The NHS needs urgent treatment.

Hospital deficits hit £2.45 billion

A leading British medical organisation has issued a hard-hitting report that paints ‘a grim picture’ of the National Health Service (NHS).

Report: Mark Nicholls

The document from the Royal College of Physicians (RCP), entitled ‘Underfunded, Under-doctored, Overstretched – the NHS in 2016’, highlights challenges facing the health service across the United Kingdom.

The report depicts the NHS struggling to cope under the increasing pressure of rising demand and inadequate funding, with resulting workforce pressures threatening patient safety.

Drawing on views ranging from senior consultants to trainee physicians, combined with on-going evidence of the scenario facing the NHS, the report outlines key areas of concern, yet also offers recommendations for government action. It comes as health trusts are facing financial shortfalls with recorded hospital deficits hitting £2.45 billion and as junior doctors have continued to stage strike action.

The RCP report focuses on three key areas, outlining the organisation’s findings in each:

Underfunded: The report says the NHS budget has not kept pace with rising demand for services, suggesting demand increases by 4% every year but, in real terms, NHS funding will increase by only 0.2% per year to 2020, whilst social care cuts are piling pressure on NHS services.

Under-doctored: The RCP suggests the UK does not train enough doctors and with the number of medical students having fallen, there is a shortage of doctors training to be medical specialists and unfilled consultant and nursing posts in many hospitals.

Overstretched: Four in five physicians-in-training report that their job causes them excessive stress and 95% suggest poor staff morale is having a negative impact on patient safety in their hospital.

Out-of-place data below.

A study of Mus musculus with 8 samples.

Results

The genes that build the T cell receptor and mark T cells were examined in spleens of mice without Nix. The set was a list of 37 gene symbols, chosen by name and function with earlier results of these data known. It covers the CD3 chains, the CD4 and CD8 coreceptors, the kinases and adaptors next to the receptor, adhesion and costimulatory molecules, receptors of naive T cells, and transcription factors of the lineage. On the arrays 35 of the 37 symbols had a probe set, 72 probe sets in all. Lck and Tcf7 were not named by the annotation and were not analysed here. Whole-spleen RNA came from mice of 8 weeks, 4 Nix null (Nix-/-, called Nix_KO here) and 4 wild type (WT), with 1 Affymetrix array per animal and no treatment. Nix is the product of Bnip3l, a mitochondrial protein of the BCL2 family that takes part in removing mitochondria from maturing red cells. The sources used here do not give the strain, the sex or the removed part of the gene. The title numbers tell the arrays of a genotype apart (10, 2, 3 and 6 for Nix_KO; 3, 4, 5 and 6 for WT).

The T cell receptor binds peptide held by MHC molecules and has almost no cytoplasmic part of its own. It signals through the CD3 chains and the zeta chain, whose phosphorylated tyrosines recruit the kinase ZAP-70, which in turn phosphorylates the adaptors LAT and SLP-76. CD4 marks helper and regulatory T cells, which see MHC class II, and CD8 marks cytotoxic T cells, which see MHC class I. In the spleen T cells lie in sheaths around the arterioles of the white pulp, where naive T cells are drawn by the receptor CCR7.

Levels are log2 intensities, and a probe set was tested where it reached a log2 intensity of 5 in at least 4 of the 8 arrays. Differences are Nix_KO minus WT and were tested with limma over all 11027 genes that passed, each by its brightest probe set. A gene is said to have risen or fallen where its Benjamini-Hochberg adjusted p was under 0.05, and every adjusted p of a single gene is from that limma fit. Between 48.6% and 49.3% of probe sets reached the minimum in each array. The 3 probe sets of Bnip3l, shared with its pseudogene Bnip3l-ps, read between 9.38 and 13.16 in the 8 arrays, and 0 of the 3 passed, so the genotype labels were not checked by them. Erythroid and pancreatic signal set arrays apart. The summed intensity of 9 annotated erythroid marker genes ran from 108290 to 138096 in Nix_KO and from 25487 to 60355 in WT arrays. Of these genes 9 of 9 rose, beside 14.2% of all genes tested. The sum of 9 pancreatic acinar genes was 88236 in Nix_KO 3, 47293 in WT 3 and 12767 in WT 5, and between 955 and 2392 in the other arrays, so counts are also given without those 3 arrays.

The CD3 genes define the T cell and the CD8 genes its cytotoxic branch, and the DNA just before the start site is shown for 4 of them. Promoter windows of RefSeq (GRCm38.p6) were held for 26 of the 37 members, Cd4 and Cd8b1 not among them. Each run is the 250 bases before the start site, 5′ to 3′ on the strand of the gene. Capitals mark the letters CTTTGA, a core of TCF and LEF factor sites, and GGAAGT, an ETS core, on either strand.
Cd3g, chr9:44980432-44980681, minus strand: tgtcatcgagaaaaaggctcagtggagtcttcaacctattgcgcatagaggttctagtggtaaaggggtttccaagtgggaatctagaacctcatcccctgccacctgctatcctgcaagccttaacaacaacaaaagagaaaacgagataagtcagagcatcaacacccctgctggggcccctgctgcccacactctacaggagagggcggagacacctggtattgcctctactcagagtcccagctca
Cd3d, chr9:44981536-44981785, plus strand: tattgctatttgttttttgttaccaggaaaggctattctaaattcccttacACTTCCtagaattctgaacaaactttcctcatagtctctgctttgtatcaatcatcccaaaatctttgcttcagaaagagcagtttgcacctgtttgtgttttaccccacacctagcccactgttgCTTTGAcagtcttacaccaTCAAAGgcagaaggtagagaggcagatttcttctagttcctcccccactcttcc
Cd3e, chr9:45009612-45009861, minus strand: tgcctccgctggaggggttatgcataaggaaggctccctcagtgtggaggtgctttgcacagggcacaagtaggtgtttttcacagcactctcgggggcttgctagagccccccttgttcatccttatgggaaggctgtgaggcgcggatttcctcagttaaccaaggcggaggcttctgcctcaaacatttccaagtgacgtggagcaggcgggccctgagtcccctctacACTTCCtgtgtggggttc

Andrew Goddard MD

RCP registrar Dr Andrew Goddard said: ‘It is clear to all of us working in the NHS that we are at a point of no-return and the NHS in its current form is unsustainable without a significant increase in funding. We can’t continue to provide ever-more expensive treatments to an ever-increasing group of patients and not expect the system to collapse.

‘As doctors, we see the problems this creates on a daily basis, be it at the front door of the hospital, in A&E, or in out-patients. Patients can see it too and realise that the NHS is no longer the envy of the world and isn’t fit for our changing world.

‘There are some big decisions that society has to make and the political parties have to stop blaming each other for where we are and work together to build a health and social care system that is fit for the UK in the 21st century.’

Jane Dacre, RCP President

The RCP report points out that the pressures of an under-funded, under-doctored, and overstretched NHS put patient safety and recovery at risk with patients are facing longer waits for treatment and delays in discharge. More hospitals are temporarily closing their doors owing to pressure on beds and staff, throughout the year rather than just in response to winter pressures.

The RCP is calling for a better-funded NHS that meets the demands of patients, with a budget that meets the demand for health services; sets realistic targets for efficiency savings; protects funds for transformation; and invests in the long-term sustainability of the NHS.

The organisation wants more doctors to be trained to provide enough doctors across all parts of the medical workforce, from GPs to physicians as well as specialists; incentivise doctors to work in the most challenging and in-demand areas of medicine; and address nurse shortages and promote innovative models of staffing, such as physician associates working alongside doctors.

The RCP also wants to see improvements in the working lives of NHS staff. RCP President Professor Jane Dacre said: ‘As a doctor, I realise this is a tough diagnosis for the NHS. However, a diagnosis is the first step towards working with colleagues to find solutions. We are keen to find the best treatment for the NHS over the coming weeks, months and years.’